Some familiar faces return in 'Iso Peanut'
By Wayne Harada
Special to the Advertiser
The laughter erases the pain, and the process of putting together a Lisa Matsumoto production provides comfort — like soothing medicine.
So says Roslyn Catracchia, a collaborator with late playwright-humorist Matsumoto, of tonight's relaunch of "The Princess and the Iso Peanut" at the Hawaii Theatre, 10 years after its debut and two years after Matsumoto's death in December 2007 in a bizarre head-on traffic accident in which she was driving the wrong way on the H-1 Freeway.
" 'Iso Peanut' definitely has been good medicine," said Catracchia. "The memories are so vivid. It was the first show Lisa and I did together that was a single story with a single through line, and it was very exciting for us working together as a team."
Normally a music director for an 'ohia Productions show, Catracchia has been juggling several tasks while trying to keep her emotions in check. The involvement has been cathartic, she said in an interview, and old-cast vets have blended with newbies in sharing the joy of pidgin theater.
"The decision to revive the show wasn't difficult —however, the process has been challenging," said Catracchia, who has a teeny cameo in the production. "I was ready to get one of her shows out there again. I want so much to remind people of how incredible Lisa was how creative, how hilarious, how joyful.
"Lisa had a magical way of helping us to keep our inner child alive and well, primarily through laughter and through celebrating our differences," said Catracchia. This notion underscores all their collaborations, from "Peanut" to the "Once Upon a Time" trilogy.
At a rehearsal, Dwayne Fujitani (who is reviving the King Yuichi he originated opposite Matsumoto's Queen Yumiko 10 years ago) and Catracchia watched a scene from Act II. "Dwayne turned to me and said, 'We never get tired of it, do we? It's just as fun as it was 10 years ago.' And it's true. We're still laughing."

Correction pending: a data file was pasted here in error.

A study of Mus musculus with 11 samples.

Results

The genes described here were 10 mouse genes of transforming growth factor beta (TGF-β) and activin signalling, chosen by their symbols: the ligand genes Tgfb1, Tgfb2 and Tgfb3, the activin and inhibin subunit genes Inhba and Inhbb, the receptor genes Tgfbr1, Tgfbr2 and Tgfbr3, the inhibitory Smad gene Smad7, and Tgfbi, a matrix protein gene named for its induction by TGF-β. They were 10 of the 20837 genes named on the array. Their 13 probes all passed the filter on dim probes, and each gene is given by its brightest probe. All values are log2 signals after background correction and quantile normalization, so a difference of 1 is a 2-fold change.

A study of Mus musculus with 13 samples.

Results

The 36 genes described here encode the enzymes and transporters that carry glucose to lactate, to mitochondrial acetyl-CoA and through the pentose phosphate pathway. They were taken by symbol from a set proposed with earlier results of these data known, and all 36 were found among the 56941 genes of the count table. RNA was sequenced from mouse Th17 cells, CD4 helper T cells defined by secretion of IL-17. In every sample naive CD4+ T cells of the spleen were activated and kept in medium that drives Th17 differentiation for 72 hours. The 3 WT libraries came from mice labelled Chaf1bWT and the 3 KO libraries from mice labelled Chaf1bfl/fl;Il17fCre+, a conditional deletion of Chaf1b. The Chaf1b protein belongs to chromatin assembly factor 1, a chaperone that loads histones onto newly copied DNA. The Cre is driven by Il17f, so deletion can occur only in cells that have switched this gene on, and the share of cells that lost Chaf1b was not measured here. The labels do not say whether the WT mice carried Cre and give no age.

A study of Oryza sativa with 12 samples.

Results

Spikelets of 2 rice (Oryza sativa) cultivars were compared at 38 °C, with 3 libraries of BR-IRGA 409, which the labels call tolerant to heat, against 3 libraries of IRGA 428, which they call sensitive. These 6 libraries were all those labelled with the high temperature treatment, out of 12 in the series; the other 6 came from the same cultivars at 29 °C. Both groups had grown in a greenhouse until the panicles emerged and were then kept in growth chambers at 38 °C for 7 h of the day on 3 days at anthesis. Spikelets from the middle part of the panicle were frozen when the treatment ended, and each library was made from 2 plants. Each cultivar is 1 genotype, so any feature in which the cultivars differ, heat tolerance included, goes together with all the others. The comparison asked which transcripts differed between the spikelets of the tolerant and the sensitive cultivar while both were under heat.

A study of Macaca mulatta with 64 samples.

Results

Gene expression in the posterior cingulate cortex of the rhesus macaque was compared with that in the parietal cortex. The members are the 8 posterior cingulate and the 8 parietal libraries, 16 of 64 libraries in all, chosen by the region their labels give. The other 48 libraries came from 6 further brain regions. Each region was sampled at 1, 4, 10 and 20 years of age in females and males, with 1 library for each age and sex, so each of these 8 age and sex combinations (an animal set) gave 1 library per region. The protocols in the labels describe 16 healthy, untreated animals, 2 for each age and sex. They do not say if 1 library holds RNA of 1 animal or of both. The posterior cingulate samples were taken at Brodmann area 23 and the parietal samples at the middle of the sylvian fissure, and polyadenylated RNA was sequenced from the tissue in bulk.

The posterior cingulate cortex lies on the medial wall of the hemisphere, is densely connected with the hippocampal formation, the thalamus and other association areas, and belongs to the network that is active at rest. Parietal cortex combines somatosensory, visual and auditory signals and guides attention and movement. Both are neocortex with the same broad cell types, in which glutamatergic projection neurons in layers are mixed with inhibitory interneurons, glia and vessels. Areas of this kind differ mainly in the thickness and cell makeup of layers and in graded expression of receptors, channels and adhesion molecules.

With a mix of returnees and newbies, "it's wonderful to see the family growing," said Catracchia.
Indeed, folks who are touched by the experience return to stay.
"I'd say about half the cast are returnees, and that's a cast of almost 50!" she said.
For director Patrick Fujioka, this show is particularly meaningful: during the original run, he proposed to his wife, Colleen (Sullivan) Fujioka, who portrayed Princess Alexis.
Clint Sekioka (playing Prince Chah Ming Won) encouraged the casting of new actors. "They are our future," said Sekioka. "If we don't get them and show them what it's all about and how much fun it is and why it's important to do it again, then something else will get them — baseball, paddling, volleyball. It's time for us to nurture their creativity."
Catracchia said University of Hawaii director Tammy (Hunt) Montgomery "taught all of us — the original cast and crew of Lisa's trilogy — about creating a safe, playful environment where as a cast you become more like family."
Matsumoto's death was a gray day for Catracchia. "I was in shock," she said. "The day after she passed away, I was sick and my mom was driving me to the hospital. I remember looking out the window and everything looked black and white, no color at all. I tried to search for something with color, and I couldn't find anything. The trees were gray, the sky was gray, the ocean was gray. I was exhausted and emotionally drained, and I felt as if everything around me was 'The Wizard of Oz' in reverse, as if Lisa and I had been living in amazing, beautiful, colorful Oz, and that I had been swept away, alone, back to Kansas, and there was no going back."
Moving forward was not easy for the singer-composer, who stopped writing for a while. "Then a few projects came in, and it was good to write again, but they were nothing like the projects Lisa and I had done in the past," said Catracchia. "She and I had a list of musicals we wanted to do together. It made me so sad to think that none of them would ever come to pass."